Pompeii is the quintessential ghost story, frequently told by archaeological and literary scribes working together in symbiosis, not always for the good. In this multitude of ghost raconteurs novelist Robert Harris stands tall.
How can you know about somewhere you’ve never been? This predicament is at the heart of David Lambert’s superb new book, Mastering the Niger: James MacQueen’s African Geography and the Struggle over Atlantic Slavery. In 1841 the Scottish geographer and proslavery propagandist James MacQueen published A New Map of Africa. MacQueen had never visited the continent.
Following the many other ‘turns’ which have engulfed history, the ‘spatial turn’ can safely be regarded as well established. While few historians have formal geographical training, it is now de rigueur to ask spatial questions, and to seek to map research findings in publications.
Space in the Medieval West: Places, Territories, and Imagined Geographies, this anthology consists of 11 papers initially presented at a three-day international symposium in 2009. It is the third collection of essays to emerge from the annual symposiums of the International Medieval Society of Paris (IMS-Paris).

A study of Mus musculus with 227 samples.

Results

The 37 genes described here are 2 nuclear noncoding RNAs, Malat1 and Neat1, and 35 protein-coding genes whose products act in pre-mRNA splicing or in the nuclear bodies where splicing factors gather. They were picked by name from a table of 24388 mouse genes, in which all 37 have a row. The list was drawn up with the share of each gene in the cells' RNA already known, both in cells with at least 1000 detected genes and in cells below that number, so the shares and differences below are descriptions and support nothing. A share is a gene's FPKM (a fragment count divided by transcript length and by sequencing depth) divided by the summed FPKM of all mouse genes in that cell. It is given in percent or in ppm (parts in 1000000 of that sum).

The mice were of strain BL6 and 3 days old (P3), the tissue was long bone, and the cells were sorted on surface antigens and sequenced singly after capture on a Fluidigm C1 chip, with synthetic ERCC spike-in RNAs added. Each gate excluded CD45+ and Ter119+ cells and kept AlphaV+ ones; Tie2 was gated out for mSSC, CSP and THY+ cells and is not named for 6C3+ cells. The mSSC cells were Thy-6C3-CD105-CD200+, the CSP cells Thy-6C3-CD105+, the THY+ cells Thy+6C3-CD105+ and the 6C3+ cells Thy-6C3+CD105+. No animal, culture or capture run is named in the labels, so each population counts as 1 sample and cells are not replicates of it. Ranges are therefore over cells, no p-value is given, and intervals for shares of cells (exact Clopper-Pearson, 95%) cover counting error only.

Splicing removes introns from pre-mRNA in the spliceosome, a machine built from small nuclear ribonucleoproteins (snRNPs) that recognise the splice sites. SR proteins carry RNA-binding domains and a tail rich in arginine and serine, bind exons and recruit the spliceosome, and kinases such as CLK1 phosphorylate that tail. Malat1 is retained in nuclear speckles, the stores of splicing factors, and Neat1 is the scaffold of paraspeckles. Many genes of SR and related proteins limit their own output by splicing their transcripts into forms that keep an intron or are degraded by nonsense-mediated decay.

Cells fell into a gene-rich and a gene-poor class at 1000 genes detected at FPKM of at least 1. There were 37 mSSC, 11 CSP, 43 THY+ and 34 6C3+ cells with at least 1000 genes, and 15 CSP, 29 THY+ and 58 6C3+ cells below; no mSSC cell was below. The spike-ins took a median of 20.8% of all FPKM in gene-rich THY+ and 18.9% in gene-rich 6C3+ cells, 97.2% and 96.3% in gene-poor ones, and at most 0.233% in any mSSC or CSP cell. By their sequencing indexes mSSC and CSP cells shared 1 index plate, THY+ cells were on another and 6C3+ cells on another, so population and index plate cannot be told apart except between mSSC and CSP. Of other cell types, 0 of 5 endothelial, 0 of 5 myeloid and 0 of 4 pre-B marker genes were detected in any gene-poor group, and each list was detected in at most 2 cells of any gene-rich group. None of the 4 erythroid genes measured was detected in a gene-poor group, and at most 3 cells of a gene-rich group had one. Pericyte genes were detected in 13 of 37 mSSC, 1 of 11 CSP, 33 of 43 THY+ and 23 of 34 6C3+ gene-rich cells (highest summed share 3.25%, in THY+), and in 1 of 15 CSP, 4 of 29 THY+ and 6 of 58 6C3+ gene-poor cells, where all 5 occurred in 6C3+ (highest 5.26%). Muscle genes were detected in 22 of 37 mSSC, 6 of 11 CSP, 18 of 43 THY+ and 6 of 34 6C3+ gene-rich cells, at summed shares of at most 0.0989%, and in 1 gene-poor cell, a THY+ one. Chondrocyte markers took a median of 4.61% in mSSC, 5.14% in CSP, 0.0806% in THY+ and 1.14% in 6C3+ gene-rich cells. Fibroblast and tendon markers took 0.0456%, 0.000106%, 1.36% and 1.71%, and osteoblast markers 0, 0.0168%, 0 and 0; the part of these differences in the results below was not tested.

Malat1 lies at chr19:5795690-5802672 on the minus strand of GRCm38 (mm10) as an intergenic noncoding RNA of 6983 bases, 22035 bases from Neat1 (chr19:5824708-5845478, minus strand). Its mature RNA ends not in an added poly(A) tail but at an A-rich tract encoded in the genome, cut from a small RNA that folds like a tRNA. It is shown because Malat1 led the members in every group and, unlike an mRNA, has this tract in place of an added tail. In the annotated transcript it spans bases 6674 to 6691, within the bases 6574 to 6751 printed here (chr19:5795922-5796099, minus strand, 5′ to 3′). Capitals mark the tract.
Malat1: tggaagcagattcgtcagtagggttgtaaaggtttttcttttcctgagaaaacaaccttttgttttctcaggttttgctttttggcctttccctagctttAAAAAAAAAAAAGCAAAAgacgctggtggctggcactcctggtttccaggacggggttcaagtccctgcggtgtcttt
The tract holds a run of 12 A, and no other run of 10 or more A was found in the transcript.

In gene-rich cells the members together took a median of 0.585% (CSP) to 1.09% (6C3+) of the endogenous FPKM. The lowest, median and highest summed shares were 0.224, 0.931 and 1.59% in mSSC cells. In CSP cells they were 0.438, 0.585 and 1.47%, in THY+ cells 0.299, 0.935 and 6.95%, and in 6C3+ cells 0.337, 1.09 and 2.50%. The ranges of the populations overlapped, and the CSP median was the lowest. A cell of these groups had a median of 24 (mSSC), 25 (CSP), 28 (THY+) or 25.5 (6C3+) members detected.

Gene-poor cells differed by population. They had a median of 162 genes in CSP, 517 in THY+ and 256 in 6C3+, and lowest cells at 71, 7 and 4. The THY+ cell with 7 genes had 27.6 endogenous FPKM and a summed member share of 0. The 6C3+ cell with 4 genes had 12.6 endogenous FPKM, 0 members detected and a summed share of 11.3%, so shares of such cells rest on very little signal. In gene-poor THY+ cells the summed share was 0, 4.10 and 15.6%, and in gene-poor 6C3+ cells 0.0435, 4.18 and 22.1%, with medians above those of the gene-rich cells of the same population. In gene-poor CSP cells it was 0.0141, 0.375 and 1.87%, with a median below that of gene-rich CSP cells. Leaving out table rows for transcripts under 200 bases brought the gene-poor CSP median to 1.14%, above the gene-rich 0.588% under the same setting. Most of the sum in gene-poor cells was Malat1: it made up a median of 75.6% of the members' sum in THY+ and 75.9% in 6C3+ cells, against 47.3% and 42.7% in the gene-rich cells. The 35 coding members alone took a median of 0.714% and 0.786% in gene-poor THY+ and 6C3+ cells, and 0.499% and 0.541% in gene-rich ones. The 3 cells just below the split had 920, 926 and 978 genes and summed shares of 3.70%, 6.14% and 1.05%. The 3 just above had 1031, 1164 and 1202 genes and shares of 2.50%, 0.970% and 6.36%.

Traversing varied material, institutional, and conceptual terrains, plotting shifts in how space has been represented and enacted throughout the 20th century, and rendering connections between spatial technologies and politics, After The Map ventures far beyond conventional boundaries of the history of cartography.
Briony McDonagh estimates that over 10 per cent of land in Georgian Britain was owned by female landowners. Assuming her sample of 250,000 acres to be representative of broader patterns and trends, McDonagh surmises that ‘somewhere in excess of 3 million acres in England were owned by women in the later eighteenth century and more than 6 million acres in Great Britain as a whole’ (p. 27).
A Guide to the History of the Salient
How the West Was Drawn analyzes the relationship between Native Americans and the creation of maps of the western United States. To set the stage, Bernstein opens with a discussion of a modern controversy about maps, specifically Aaron Carapella’s Map of our Tribal Nations: Our Own Names and Original Locations.
John J. Navin offers a new account of the first half century of settlement in the colony of South Carolina, which he characterizes as The Grim Years.